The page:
On Sunday on ABC’s “This Week,” Daily Beast contributor Kristen Soltis Anderson made an amazing statement. She said Republicans “understand that they need to start cultivating new and fresh talent.”
Fascinating. Because the GOP has been cultivating new and fresh talent for years now and is — finally — poised to look to a whole new generation of Republican leaders, quite possibly starting with the 2017 occupant of the White House.
The past few election cycles have been grim. The Republican Party went with Sen. John McCain because, well, it was his turn (just like in 1996 with Sen. Bob Dole). Pretty much the same thing in 2012 with Mitt Romney. The party has had few new ideas and even fewer new faces since George W. Bush came out of nowhere and won back-to-back elections to open the 21st century.
Not so for the party as a whole, though. After the congressional sweep in 2010, Republicans smashed the Democrats in the 2014 midterms. They took so many seats in the House that the party now has the widest majority since the 1940s. Before the elections, pundits predicted Republicans might well take the Senate — they did, sweeping nine seats away from Democrats, which tied 1942 for the fourth-most GOP pickups.
But there’s more: Republicans control 68 out of 98 partisan state legislative chambers — the highest number in party history, according to Real Clear Politics. And in 24 states, they hold the governorship and both houses of the legislature; Democrats have that level of control in just seven states.
Yet on Sunday, the brain trust on “This Week” went on and on about the prospects for Democrats in 2016. Weirdly, though, they talked only about two possible candidates — Hillary Rodham Clinton, who got crushed last time by a first-term senator no one had ever heard of, and Sen. Elizabeth Warren, a one-dimensional politician who has repeatedly said she does not plan to run in 2016.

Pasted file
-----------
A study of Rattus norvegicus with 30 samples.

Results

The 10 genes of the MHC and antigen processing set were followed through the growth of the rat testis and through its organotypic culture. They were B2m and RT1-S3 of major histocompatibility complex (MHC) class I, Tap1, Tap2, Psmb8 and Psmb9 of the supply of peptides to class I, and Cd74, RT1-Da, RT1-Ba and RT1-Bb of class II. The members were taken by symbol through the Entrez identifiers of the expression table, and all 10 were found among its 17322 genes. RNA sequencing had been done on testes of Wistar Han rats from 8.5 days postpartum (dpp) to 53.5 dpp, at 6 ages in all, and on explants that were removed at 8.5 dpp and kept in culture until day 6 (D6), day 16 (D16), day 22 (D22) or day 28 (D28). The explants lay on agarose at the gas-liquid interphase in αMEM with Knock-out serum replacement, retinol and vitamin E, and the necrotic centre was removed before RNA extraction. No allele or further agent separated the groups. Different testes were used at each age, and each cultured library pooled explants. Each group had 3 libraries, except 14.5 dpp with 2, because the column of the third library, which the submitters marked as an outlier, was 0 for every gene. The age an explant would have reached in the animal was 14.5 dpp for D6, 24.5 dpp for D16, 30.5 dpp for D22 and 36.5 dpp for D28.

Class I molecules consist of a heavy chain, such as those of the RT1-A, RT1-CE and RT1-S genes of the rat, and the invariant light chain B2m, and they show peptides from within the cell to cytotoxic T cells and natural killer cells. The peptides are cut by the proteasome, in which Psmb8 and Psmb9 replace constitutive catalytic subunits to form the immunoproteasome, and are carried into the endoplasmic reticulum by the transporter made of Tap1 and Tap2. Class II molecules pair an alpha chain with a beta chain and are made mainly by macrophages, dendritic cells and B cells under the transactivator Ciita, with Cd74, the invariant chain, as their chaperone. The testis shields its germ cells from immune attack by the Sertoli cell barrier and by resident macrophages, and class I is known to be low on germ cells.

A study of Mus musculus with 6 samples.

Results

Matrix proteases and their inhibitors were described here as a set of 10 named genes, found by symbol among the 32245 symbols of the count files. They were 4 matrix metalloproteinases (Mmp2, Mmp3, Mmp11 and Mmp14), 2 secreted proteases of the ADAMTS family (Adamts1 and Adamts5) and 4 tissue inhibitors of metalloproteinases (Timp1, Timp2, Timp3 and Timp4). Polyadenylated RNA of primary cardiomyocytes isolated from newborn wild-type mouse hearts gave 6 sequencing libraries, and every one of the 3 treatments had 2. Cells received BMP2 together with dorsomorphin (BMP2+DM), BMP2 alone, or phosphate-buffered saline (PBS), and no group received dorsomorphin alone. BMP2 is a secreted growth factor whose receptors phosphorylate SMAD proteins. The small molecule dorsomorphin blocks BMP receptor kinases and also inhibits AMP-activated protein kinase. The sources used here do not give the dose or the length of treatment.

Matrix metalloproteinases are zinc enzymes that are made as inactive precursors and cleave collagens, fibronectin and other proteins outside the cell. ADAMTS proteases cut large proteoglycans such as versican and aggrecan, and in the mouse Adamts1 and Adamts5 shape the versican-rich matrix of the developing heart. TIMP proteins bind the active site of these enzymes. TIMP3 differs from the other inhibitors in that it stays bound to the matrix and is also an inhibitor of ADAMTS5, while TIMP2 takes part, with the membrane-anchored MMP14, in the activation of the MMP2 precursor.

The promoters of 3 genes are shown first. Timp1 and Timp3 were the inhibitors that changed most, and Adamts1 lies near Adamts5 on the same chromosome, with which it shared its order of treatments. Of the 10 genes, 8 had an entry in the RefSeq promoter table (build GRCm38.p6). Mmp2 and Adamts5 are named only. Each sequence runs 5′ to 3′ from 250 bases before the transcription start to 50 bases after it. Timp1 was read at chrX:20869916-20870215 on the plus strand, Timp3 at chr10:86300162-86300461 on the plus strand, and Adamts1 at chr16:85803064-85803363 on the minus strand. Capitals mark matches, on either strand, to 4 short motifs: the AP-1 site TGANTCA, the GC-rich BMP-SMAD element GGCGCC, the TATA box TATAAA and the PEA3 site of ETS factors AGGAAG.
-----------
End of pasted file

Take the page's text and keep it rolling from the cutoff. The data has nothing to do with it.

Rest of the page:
The Dem bench thins significantly after that — ever heard of Jim Webb or Martin O’Malley? Didn’t think so. They get mentioned most often after Mrs. Clinton and Mrs. Warren. And party leaders still talk seriously about Vice President Joseph R. Biden making a run. Highly unlikely. So crushable.
There are others: Andrew Cuomo, Kirsten Gillibrand, Amy Klobuchar, Brian Schweitzer, Mark Warner — none are exactly household names. My favorite is, of course, Sen. Bernie Sanders, who tells us that he will announce early next year whether he will make a go. His thinking: Perhaps America is ready to elect a self-described socialist to the White House. My thinking: When pigs fly.
On the other hand, the Republicans are sitting on the deepest bench they’ve had in decades. Bill Kristol, the editor of the Weekly Standard, counts some 26 potential candidates: “John Bolton, Jeb Bush, Ben Carson, Chris Christie, Ted Cruz, Carly Fiorina, Lindsey Graham, Mike Huckabee, Bobby Jindal, John Kasich, Pete King, Mike Pence, Rick Perry, Mitt Romney, Marco Rubio, Paul Ryan, Rick Santorum, Joe Scarborough, Scott Walker, and Allen West … Dick Cheney, Tom Cotton, Mitch Daniels, Joni Ernst, Newt Gingrich, and Rudy Giuliani.”
“Each of you would be a better president than Hillary Clinton. You would deserve the thanks of man and woman if you beat her. And if your name is not on this list, don’t feel slighted. Rather, feel free to volunteer you’re also more ready than Hillary. If you think you’re the right person go for it.”
He missed a few others: Nikki Haley, Brian Sandoval, Susana Martinez. And of course Rand Paul. That pushes the number to 30. Not all are top-tier, ready-to-govern candidates, but all are, as Mr. Kristol points out, “more ready than Hillary.”
So get ready. The mainstream media is set to push its few weak Democratic candidates on America. Meanwhile, the Republican Party will run its prospective candidates — maybe 30 — through the paces to find the one ready to lead in 2016. Hillary was crushed in 2008; if she goes in 2016, the result will be the same.
Only this time, it will be a Republican giving her a drubbing.
• Joseph Curl covered the White House and politics for a decade for The Washington Times. He can be reached at email@example.com and on Twitter @josephcurl.